This letter was published in Reform, in response to another letter attacking the doctrine of original sin.
5 October 1993
Fancy Gordon Harris (Reform, October 1993) wanting to replace the doctrine of 'original sin' with 'original blessing'! What a confusion! The doctrine of original sin does not say that mankind was originally created sinful: it says that mankind was originally created good ('very good') and subsequently fell from that state. Hence sin is not an integral part of what makes us human, and we can have hope that our current sorry state can be changed. The doctrine of redemption says: firstly, sin and its consequences can be removed from our lives; and secondly, we can be brought to a state of greater blessing than that which we ('in Adam') fell from. I do not find this pessimistic in the least!
Original sin has nothing to do with sex, except that the process of procreation produces a new generation which is just as sinful as the previous one. Sin is transmitted to the next generation more reliably than good looks or strong arms. It hardly seems fair to knock poor Augustine for not having a good understanding of genetics: like most preachers, he was trying to communicate a scriptural truth in the thought forms and language of his day.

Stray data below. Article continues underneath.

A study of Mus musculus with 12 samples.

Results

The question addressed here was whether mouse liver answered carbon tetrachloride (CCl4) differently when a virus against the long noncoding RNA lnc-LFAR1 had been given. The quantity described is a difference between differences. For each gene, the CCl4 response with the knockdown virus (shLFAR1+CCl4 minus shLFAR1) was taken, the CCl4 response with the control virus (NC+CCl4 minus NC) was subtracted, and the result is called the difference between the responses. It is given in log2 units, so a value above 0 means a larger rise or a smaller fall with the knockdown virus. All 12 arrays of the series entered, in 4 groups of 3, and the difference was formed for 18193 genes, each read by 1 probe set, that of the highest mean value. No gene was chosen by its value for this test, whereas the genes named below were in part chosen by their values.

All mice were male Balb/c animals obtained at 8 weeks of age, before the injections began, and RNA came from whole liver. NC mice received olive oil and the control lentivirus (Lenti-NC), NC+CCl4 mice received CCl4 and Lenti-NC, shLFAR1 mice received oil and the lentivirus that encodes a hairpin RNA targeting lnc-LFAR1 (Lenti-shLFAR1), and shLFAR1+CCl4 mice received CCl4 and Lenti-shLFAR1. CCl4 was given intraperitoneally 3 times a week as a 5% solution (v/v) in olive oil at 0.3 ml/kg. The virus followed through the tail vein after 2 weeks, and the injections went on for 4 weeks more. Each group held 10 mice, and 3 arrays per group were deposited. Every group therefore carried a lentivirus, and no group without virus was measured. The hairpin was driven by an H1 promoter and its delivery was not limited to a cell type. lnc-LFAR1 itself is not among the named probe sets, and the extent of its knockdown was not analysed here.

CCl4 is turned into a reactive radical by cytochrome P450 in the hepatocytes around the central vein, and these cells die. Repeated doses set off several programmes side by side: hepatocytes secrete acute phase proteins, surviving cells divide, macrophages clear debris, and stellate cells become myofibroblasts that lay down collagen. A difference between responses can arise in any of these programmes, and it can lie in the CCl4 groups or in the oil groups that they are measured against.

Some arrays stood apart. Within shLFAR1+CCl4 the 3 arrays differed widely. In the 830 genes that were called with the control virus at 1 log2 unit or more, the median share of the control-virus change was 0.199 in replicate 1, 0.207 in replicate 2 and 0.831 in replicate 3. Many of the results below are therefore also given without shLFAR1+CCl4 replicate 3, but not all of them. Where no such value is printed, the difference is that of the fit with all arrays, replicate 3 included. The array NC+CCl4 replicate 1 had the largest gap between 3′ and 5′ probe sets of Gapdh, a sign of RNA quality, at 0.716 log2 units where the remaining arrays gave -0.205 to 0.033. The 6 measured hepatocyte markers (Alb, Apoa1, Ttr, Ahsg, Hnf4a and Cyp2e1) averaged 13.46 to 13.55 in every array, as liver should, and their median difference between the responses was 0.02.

The problem seems to be that some people do not wish to believe there is something wrong with each one of us which needs to be put right. They admit that we sin, but not that we are sinful. But if we are not sinful by nature, why do we sin? And if sin is simply about what we do, and not what we are, we have no need for redemption, only for forgiveness. Redemption says that what you are can be changed and restored, made better than ever before. I am optimistic enough to believe in redemption, and very grateful that Jesus made it possible.